Homemade Bacon


Late fall and early winter always stirs thoughts of the annual pig harvest as this cold post-farm moment invites the perfect time to stuff, smoke, and cure meat for the year- especially in accord with the season of holiday feasts that follows in tow.

For those who have always been curious about venturing into the world of preserving meat there is included in the monthly featured recipes the technique for making your own bacon. It’s a perfect first-go as it’s easy, safe, and as deliciously rewarding as a homemade treat should be. This recipe is the one I’ve used and tweaked for many years for well over a hundred batches of bacon I’m sure. For me this belly is destined to enliven this winter’s miso soups.


Get ahold of a slab of pork belly. Talk to your local pork farmers or head to your butcher shop. You can usually find them in ~5 pound sizes, with a full belly averaging around 12- 15 pounds.

As with most recipes your salt is the most important ingredient to be thoughtful about and then after that it’s all play. For salt you’re looking for about 2.8% of the belly weight. For a 5 pound slab that would be around 64 grams.

Now with bacon there is also a second salt called pink salt or curing salt (different than Himalayan). In Pittsburgh you can get this either at Penn Mac or The Pittsburgh Spice and Seasoning Company. Curing salt contains sodium nitrate which helps meat fend off dangerous microorganisms in processes where meat is held for significant periods of time in the “temperature danger zone” (which is a phrase used to describe temperatures that make microbes happy, like room temperature)- which is the case in curing meats. The curing salts also have an effect on flavor and color, helping meat retain a red color rather than gray and giving it that flavor that is synonymous with bacon. Making bacon without nitrates is possible but will produce a porky flavor rather than bacony, if that makes sense.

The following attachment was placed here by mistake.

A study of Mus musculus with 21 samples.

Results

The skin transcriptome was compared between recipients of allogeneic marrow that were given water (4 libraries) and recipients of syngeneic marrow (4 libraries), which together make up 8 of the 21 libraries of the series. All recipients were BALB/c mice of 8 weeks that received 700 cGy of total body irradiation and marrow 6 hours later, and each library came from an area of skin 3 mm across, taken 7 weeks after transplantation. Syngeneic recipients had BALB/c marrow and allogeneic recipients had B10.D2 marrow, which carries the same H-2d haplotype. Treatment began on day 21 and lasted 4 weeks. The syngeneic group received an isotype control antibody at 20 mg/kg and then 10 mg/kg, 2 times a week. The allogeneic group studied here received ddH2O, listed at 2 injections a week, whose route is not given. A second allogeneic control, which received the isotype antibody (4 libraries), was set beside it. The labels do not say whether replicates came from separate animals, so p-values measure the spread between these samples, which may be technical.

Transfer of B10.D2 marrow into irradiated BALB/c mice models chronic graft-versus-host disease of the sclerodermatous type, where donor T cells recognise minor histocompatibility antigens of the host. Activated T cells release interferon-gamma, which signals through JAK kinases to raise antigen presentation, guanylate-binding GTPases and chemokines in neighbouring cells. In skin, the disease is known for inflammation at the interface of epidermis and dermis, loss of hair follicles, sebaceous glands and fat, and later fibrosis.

Typically your pink curing salt should provide a recommended amount which should be in the ballpark of 0.2 ounces per 5 pounds. Keep in mind that too much pink curing salt is a bad thing so do take care to measure this one out well.

After that the remaining seasoning is for you to decide. Some suggestions per a 5 pound belly are:

  • Sweet Stuff: add 55 grams brown sugar/ honey/ or maple syrup, or some blend of each
  • Garlic- mince 2-3 cloves
  • A Bay leaf
  • Go wild on the herbs, especially thyme. Gotta love when fresh is available.
  • Black peppercorns- teaspoon or two

The sky is the limit here. You can use gochujang to make a kimchi bacon, add a splash of whiskey, just as long as your salt and pink curing salt is consistent.

Mix everything together- both salts, sweet stuff, and seasonings, and rub it all over the pork belly to coat it. Put the belly and any seasoning that fell off in a bag, stacking them if you have multiple slabs, and place it in the fridge for 6 days. Flip and turn every day or so to keep the marinade even.

I usually aim for a 1 week process so on the 6th day take the belly out of the bag and place it on a rack with a tray beneath it to catch any falling juices and put it back into the fridge. A cookie sheet with a plate underneath works well. We are trying to dry off the belly. I do this primarily because I smoke my belly and smoke doesn’t stick to wet things well, but it also has a great effect on the roasting color by doing this step. Air drying meat before roasting is a great idea, like chickens for roasting. *Some recipes recommend rinsing the belly prior to drying, I presume to remove any excess marinate so maybe the herbs and sugars won’t burn during cooking. I used to do this but don’t anymore. I don’t have any problems and I like the way it looks more. Go with your heart.

The next day preheat your oven or smoker to 250 degrees and smoke or cook for around 90 minutes or until an internal temperature of 150 degrees. Feel free to add a little more time if it needs it to finish off the gorgeous color.

First thing after it’s done, eat a fresh hot bacon snack by working the odd nubs that hang around the edges. This is one of the highest moments of human experience, relish in it. Then let the belly cool and then refrigerate it. If you’d like to slice your bacon, whether by hand or if you’ve got your hands on a commercial meat slicer it’s best to toss the belly in the freezer until it’s about 1/3 frozen. This will give you a slab that is firm enough to make uniform cuts more easily.